Production designer Gino Gonzales’ body of work spans almost 20 years. It ranges from set and costume designs for everything, from college productions and small neighborhood plays with a budget of P5,000, to splashy fashion shows and huge corporate accounts.
The widest set he has done so far was the one measuring 250 feet for Janet Jackson and Chinese pop star Ah-mei’s concert at Resorts World Singapore. Discs with peonies were suspended from the ballroom ceiling and the walls were landscaped with cherry blossom trees from China.
Gonzales admitted being shocked when the front act demanded the removal of all the fresh chrysanthemums on stage simply because he hated the flower. “On the other hand, Janet was very sweet and wanted to take the set with her on her concert tour,” he said.
His years of working has made him equally at ease meeting with CEOs and with stage hands—in fact, he will not think twice about washing dirty costumes, often by hand.
This willingness to work with such diverse groups has made Gonzales one of the most prolific in his field.
He is top of mind for producers who are grateful for the level of professionalism he brings to each project. Gonzales delivers over and above what is expected of him.
He has a no-nonsense, businesslike demeanor, yet is one of the funniest, most creative persons we know. I’ve known him since we were in fifth grade at the Ateneo. With another friend, Roy Roldan, we forged a friendship that has lasted almost 25 years.
The early days
Even before we became classmates, I had already heard of Gonzales, after his drawing of several carolers won a nationwide Christmas card-making contest sponsored by Manila Midtown Hotel in the early ’80s. The drawing was printed and became the hotel’s greeting card that year.
By the time we became classmates, he had developed a style of drawing similar to sketching, which we would exploit whenever there was group work. Our group would always get the highest marks or make the biggest impression because of his detailed drawings.
In high school we made new friends but still kept tabs, writing “Palanca” letters to each other during our respective Days with the Lord retreats, and walking the length of the campus and back to get our burger fix at McDonald’s on Katipunan Avenue.
We were reunited in college when the three of us took the same course, Communication. It was in this environment that Gonzales really flourished, doing sets and costumes for the two theater groups at the time, Tanghalang Ateneo and Blue Repertory, while maintaining enviable grades in all his subjects.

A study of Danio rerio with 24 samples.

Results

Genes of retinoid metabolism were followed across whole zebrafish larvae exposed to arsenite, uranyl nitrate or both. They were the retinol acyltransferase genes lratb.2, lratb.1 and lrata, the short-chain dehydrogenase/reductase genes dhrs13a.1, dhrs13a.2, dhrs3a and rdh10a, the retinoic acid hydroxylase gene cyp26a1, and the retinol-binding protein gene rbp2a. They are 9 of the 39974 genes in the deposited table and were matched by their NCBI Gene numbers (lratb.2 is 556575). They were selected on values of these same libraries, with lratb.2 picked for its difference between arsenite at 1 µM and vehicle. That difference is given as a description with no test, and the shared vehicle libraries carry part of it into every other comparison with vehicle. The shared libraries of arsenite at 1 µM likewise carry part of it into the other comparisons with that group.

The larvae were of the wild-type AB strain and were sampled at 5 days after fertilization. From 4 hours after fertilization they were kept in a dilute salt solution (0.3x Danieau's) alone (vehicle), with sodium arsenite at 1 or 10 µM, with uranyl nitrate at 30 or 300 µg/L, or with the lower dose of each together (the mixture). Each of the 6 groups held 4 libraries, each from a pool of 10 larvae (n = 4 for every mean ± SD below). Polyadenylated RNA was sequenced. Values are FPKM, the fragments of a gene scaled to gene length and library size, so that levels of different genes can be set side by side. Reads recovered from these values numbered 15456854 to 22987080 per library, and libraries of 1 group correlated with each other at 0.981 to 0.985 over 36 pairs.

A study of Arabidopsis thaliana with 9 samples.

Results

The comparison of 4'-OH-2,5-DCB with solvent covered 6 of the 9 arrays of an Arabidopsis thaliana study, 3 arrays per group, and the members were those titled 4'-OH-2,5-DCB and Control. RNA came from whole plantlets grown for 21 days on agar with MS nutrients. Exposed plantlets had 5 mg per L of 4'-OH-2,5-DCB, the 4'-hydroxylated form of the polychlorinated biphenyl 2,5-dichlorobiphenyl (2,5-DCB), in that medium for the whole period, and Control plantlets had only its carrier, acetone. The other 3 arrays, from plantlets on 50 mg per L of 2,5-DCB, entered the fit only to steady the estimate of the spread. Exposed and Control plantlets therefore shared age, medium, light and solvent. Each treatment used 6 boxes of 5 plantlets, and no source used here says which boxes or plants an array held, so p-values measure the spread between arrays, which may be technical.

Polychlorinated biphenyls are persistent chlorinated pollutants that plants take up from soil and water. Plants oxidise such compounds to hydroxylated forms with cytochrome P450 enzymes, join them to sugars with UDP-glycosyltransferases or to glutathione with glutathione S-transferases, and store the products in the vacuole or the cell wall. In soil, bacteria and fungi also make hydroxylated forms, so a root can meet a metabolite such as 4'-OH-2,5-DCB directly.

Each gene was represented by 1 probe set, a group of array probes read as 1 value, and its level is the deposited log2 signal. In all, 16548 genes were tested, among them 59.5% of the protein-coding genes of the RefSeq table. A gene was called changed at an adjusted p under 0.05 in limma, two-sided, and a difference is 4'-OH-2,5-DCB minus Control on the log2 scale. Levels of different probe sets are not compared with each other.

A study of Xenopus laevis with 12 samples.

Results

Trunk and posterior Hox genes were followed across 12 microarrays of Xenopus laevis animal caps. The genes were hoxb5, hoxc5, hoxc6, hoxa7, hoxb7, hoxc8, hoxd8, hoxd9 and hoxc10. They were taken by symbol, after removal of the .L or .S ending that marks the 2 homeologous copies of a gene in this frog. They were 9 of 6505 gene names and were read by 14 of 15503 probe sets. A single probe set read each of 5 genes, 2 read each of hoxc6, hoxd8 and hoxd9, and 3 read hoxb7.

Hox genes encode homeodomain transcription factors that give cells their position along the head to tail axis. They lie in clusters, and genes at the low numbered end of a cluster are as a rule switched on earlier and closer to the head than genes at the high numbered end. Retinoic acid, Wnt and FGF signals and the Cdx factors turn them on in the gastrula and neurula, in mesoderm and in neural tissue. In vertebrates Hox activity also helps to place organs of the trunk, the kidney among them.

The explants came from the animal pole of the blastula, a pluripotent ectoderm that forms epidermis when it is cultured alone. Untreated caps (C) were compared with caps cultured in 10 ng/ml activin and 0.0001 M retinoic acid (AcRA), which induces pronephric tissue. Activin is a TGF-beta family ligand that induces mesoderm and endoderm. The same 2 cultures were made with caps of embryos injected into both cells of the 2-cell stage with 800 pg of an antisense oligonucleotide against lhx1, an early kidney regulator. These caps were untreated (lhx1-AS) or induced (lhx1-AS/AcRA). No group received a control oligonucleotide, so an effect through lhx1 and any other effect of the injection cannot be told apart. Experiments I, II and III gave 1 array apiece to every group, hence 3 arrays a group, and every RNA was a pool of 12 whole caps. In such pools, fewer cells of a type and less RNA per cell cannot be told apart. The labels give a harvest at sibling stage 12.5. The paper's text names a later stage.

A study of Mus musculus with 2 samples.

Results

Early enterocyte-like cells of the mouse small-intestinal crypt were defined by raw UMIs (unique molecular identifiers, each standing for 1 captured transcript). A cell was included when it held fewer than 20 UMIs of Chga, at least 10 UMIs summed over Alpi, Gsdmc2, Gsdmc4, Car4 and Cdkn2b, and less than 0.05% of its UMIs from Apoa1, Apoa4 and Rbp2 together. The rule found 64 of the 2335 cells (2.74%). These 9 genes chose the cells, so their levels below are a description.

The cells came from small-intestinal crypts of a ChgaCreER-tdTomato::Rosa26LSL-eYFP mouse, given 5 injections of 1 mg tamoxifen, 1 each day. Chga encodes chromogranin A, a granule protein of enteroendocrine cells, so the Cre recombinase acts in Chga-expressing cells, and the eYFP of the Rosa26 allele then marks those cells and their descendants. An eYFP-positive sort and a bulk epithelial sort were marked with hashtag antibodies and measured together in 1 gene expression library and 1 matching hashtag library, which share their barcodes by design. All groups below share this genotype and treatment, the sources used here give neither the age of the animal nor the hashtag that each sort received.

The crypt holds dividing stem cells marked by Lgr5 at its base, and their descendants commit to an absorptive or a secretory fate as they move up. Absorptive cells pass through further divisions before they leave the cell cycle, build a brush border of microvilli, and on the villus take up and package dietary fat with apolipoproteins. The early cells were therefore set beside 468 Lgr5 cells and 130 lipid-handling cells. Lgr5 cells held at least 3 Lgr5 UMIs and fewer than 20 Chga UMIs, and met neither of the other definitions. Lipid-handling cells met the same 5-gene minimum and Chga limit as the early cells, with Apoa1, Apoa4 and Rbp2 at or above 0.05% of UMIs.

Although he didn’t actively seek the attention, theater people heard about this young production person who showed much promise. National Artist Salvador “Badong” Bernal took Gonzales under his wing, nurturing the aesthetic and craft of the latter. His second mentor is New York University (NYU) Master Teacher Eduardo Sicangco.
After graduating from Ateneo de Manila University in 1995 with a degree in Communication, Gonzales received a Fulbright scholarship at NYU, where he took up scenography—the art of establishing an atmosphere or mood for a theatrical presentation. Elements in scenography include lighting, sound, set and costume design.
Fast-forward to 2013. Gonzales has expanded his reach to include designing elaborate cakes with pastry chef Heny Sison, overseeing fancy parties for some of Manila’s most prominent families, and opening a rental shop where people can borrow anywhere from a few to several dozen baro’t saya.
At a young-looking 39, Gonzales is already considering slowing down and “focusing on teaching full-time, but then the projects keep coming.”
He says that there are “very few reliable people who deliver. They prefer to bedazzle people with their outlandish ideas and concepts but seldom deliver.”
Gonzales has a laundry list of imagined ailments, hence the desire to slow things down professionally.
“I hope there will come a time when I can just do the projects I want to do, and accept one or two that will provide just enough to keep me afloat,” he said.
That might not happen anytime soon, as he still has ongoing projects, including one in Taiwan where he is in charge of converting an old sugar factory into a museum. There’s also his book on ternos from the early 1900s to the 1950s that he wants to publish this year.
Until then, the country is fortunate to have one of the best scenographers doing what he does—and then some.